Maccreanor Lavington have designed a striking new elevation for the University of London’s £140m Garden Halls student campus redevelopment set within Bloomsbury’s Conservation Area in the London Borough of Camden.
Maccreanor Lavington worked alongside Executive Architects, tp bennett, to design the new principal nine storey façade facing Cartwright Gardens and a lower seven-storey building at the corner of the historically sensitive and challenging site. The new student halls for the University of London in partnership with student accommodation provider University Partnership Programme (UPP), replaces the former 1930’s and 1950’s buildings to accommodate 1,200 student rooms, making it one of the largest student halls of residence in London.The partnership, established in 2013, involved UPP designing and financing the scheme, thereafter operating the scheme for 50 years, and will help the University of London to continue its current trajectory; to grow and develop as one of the most significant academic institutions in the Country.
The challenge was to design a contemporary nine storey facade along one side of an historic garden square in Bloomsbury opposite a crescent of listed four storey Georgian townhouses. The design takes its cues from the larger Victorian and Edwardian buildings that have been previously added to the fabric of Bloomsbury. The design shows a meticulous approach to scale, order and relief.
The main façade facing Cartwright Gardens is a highly articulated and finely crafted brick building, made from high quality materials and simple crisp detailing. A buff water struck Petersen brick is the principal building material chosen for the elevation. This is offset by white reconstituted stone and glazed terracotta cills and two storey mansard. The upper five stories are expressed as a series of stepped brick piers and frames over various window openings that are gathered together to form a vertical order over the façade.
The ground and first floor are grouped to form a single base to the building with brickwork piers being rusticated by recessing every fifth course.
This finely crafted façade sits behind new painted metal railings that match those within the surrounding square. The new double height entrance is lined with panels to the side walls and floor of stone mosaic inlaid with brass letters and lit by large brass coloured pendent fittings designed by Tom Dixon.
The Leigh Street corner building is expressed as a pair of simple punched brick elevations. Darker water struck bricks are used here to match the soot aged brick of the surrounding area. The windows have reconstituted stone surrounds and the brick sits on a single storey stone base evoking the memory of the 1950’s buildings that went before.
The entire (4,500m2) brick façade was manufactured offsite as brick faced precast concrete panels. The prefabrication has cost effectively allowed the design team to develop stepped brick details that make reference to the detailing of traditional load bearing masonry. The depth of the facade also allows the facade to be constructed from large load bearing units which require fewer movement joints than contemporary site laid brick cladding. This leads to a building with a more monolithic character akin to traditional masonry while minimising the amount of on site labour. The overall development was delivered to budget within a tight 26 month programme.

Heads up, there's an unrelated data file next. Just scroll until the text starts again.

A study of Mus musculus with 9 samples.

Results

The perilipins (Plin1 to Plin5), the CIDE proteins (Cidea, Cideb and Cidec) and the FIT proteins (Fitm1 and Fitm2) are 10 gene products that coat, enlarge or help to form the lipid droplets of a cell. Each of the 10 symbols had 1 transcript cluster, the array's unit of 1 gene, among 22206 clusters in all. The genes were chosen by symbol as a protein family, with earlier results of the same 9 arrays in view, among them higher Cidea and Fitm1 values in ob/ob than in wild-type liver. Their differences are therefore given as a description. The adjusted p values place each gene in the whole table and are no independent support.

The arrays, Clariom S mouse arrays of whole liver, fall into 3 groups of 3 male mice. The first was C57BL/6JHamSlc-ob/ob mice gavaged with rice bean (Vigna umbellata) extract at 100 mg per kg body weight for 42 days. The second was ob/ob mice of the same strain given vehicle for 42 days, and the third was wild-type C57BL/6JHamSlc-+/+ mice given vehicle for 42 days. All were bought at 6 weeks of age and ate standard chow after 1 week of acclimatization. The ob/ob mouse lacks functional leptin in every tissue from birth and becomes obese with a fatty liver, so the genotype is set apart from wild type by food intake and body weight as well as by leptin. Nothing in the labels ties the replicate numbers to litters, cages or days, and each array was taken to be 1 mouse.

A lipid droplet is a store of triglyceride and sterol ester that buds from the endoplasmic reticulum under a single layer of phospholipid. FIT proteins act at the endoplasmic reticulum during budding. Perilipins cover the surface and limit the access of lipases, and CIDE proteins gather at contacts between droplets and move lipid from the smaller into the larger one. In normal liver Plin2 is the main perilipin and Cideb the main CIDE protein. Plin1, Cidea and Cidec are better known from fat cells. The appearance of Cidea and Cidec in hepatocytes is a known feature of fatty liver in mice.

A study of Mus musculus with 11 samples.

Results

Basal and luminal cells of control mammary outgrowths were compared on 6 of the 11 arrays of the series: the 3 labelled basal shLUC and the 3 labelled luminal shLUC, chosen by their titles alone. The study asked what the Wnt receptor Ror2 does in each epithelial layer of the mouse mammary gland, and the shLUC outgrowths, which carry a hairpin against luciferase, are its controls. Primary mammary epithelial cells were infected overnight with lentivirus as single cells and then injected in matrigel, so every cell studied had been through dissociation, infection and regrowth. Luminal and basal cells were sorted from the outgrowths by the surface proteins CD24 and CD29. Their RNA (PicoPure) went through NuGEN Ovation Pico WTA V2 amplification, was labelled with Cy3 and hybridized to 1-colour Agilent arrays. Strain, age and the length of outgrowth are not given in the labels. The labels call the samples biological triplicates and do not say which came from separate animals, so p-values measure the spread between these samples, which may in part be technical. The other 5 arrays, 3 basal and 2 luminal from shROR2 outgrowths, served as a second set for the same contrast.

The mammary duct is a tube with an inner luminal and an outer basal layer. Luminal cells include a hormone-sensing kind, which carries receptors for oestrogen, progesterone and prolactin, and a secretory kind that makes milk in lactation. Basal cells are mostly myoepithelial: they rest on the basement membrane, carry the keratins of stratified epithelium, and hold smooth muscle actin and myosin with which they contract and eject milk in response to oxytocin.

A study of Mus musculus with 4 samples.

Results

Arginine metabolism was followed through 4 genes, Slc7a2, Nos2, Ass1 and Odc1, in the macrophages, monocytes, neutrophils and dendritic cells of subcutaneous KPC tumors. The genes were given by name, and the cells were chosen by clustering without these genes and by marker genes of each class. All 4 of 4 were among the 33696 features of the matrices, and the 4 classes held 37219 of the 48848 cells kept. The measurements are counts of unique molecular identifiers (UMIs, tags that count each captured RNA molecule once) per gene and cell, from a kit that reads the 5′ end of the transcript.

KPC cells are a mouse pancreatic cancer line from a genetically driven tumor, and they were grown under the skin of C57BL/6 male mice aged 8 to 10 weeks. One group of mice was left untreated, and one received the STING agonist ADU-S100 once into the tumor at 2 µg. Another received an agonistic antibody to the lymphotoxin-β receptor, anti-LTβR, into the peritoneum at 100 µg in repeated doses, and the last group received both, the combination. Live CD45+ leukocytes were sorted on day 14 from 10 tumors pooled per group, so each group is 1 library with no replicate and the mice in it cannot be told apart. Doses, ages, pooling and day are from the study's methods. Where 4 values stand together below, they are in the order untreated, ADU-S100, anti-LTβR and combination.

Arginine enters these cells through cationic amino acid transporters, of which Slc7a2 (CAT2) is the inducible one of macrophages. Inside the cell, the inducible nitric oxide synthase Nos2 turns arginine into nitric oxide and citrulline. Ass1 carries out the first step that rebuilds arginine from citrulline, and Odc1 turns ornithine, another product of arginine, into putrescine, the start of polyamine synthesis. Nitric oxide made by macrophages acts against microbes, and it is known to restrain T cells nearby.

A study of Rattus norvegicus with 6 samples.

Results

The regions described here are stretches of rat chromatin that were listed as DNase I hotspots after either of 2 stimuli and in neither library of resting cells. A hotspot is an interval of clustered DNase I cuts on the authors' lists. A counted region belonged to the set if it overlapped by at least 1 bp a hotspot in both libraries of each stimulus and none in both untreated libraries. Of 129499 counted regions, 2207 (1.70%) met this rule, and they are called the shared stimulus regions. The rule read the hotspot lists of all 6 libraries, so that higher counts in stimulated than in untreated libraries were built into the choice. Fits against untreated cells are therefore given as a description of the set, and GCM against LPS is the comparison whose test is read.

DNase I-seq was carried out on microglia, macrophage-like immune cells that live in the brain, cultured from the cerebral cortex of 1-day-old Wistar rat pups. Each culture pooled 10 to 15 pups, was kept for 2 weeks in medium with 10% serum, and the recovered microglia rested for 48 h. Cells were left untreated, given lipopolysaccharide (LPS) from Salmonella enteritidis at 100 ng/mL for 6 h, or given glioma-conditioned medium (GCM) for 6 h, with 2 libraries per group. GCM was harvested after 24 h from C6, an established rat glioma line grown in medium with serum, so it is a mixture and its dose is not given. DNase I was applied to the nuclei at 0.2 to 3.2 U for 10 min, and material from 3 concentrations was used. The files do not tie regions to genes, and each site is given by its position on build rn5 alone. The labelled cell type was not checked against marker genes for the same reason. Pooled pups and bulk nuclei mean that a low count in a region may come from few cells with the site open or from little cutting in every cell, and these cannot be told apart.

Sean O’Shea, Group Chief Executive Officer of UPP (University Partnership Programme) commented:
” We are delighted with the completion of the Garden Halls development which is a flagship development for UPP. The residence sets a new bar for student accommodation in the heart of our capital city, offering exceptional architectural quality and modern facilities and delivered by leveraging cost effective private investment attracted by the strength of the UK HE sector as an investment proposition. We have worked in partnership with the University of London since 2013 and are extremely proud to have delivered this project. The halls play a central role in the community with local residents able to enjoy the new landscaped gardens and tennis courts, with the quality of the architecture underpinning Garden Halls’ important position within the Bloomsbury Conservation Area and local heritage of the area. Executive architects, tp bennett, and principal architects of the façade, Macreanor Lavington, designed and delivered the halls with sustainability and the environmental performance at the heart of the project, which is on target for a BREEAM (Building Research Establishment Environmental Assessment Methodology) ‘excellent’ rating.”
Richard Lavington, Founding Director with Maccreanor Lavington commented:
“The challenge was to design the facade for a large new student Hall of residence in the context of the Georgian Crescent that frames Cartwright Gardens and the wider Bloomsbury conservation area. Our approach embraces the repetition inherent in the brief for student halls.
The depth of the facade allows for the modelling of light and shade appropriate to a building of this scale. The unique Danish brick combines references to the warm pale hues of Portland stone and the texture of the surrounding Georgian brickwork which the shadows of the grand London Plane trees within the garden can play. The brass and stone of the entrance reference the entrance detailing of 19th century buildings with the hues of the stone reflecting the shades of autumn leaves within the square. It’s been finely crafted and beautifully made.”